By Brian Bielmann
I got a call from ad agency out of the UK and they had a job for me shooting for Guinness Beer. Beer advertising and surf photography don’t usually go together, so naturally my interest is peaked.
They had this idea: What would it be like if we shrunk a photographer and put him in a glass of beer and had him capture the beer being poured from below looking up. So, these clever ad people tried to figure out how to do this went on the internet and started looking around for something that looked like that and they came up with my photographs from underwater of waves breaking. They called me and I jumped at the chance.
Planning the Shoot
I have been a surf photographer for 35 years and shoot lots of underwater photos whenever I travel. But this was the first time my underwater shooting would be the priority on the shoot.
Tahiti was the obvious choice for me, as this is where most of my images come from. Well, they talked the client into this location and they met me there a couple weeks later.
On Location in Tahiti
The first day’s waves were a little too big for this type of shot—you usually want smaller waves where the water is clearer. Not to mention there were a lot of some surfers out, so we ended up swimming under some pretty good size waves. I found some great surf action from below the surface, but the images were too crystal for Guinness to use—you could even see the reef below. Still, some great outtakes…
The rest of the week it was perfect head-high waves and we shot two to three times a day in all different lighting conditions—cloudy, sunny, low light, high light. We got so many great shots, there was almost too much to choose from.
Exposing the Waves
All the shots were shot between 400 and 800 ISO, allowing me to get the best depth of field and shooting at the fasted shutter speeds possible. In the evening, I moved to ISO 800, while during the mid-day sun ISO 400 was more than enough.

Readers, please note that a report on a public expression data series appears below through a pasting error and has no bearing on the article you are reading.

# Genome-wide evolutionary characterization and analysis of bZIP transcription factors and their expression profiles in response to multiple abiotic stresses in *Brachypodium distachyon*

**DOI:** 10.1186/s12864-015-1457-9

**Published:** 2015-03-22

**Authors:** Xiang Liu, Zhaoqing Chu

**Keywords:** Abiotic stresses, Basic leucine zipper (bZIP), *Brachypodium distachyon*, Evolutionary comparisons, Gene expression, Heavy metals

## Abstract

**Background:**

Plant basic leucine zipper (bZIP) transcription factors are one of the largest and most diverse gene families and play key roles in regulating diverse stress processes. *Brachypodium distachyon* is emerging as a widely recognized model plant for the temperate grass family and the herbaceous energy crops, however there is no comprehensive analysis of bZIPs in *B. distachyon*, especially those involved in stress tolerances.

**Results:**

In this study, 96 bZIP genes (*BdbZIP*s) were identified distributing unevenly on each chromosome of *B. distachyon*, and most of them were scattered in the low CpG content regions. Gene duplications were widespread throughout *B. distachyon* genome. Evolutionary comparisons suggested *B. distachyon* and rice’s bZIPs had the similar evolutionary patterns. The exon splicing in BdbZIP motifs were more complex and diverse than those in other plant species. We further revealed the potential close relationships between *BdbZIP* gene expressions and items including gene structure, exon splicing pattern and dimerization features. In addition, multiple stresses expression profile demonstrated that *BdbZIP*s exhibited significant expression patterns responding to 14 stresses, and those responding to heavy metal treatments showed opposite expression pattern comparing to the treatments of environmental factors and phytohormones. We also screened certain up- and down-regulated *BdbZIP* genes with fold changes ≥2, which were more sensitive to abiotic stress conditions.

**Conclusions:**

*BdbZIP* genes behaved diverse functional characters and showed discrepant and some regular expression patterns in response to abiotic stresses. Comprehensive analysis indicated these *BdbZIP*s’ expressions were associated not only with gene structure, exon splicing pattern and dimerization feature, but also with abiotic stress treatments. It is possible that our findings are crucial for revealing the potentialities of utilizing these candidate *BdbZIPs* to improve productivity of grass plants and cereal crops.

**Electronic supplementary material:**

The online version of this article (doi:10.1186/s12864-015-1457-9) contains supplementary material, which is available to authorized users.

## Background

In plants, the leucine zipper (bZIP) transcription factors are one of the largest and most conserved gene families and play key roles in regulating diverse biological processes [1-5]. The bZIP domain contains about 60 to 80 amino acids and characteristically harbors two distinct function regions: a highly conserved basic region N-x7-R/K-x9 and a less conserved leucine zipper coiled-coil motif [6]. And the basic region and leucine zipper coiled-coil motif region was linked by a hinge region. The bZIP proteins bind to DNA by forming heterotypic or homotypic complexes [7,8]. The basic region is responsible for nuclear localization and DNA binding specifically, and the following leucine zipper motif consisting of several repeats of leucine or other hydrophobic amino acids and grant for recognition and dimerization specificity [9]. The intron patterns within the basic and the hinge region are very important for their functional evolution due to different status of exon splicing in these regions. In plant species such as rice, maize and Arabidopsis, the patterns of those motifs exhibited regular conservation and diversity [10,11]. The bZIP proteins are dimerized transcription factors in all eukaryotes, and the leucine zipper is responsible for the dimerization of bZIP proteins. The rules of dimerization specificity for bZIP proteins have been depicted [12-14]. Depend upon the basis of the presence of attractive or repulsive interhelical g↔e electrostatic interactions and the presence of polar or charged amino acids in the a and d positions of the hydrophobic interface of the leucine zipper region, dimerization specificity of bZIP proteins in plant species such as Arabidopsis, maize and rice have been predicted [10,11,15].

EQUIPMENT: This was all shot with a Canon 1dx and and an 8-15mm f 4 lens
All photos were shot at Shutter Priority Mode, which is where you set the shutter speed you need and the camera chooses the aperture. In this case, mornings and evenings at 800 ISO were usually around ISO 1000 f/4, while mid-day at had tigher apertures of f8 and higher.
As for focusing, I go back and forth on my preferred method. Sometimes, when the waves are consistent in size I just pre-focus the fisheye lens to a one-foot distance. If there’s greater variation in size, I let the camera autofocus do the work.
I preset the lens most of the time to 15 mm because I have a full-frame sensor and want to avoid vignetting. Other than that—I just keep my finger on the trigger and look for the moments in-between the moments you’re expecting.
Into the Drink…
We tried all different shots in the layouts, as Nadia the art director would do mock-ups every night with the shots. Of course, my favorites were the ones that were probably too crazy. After all, they really wanted to make sure that the ads looked like beer.
Take a look at the photos after Nadia has done the post-processing and decide for yourself if it feels like falling into the drink. For me, when I look at these photos I can almost taste the beer.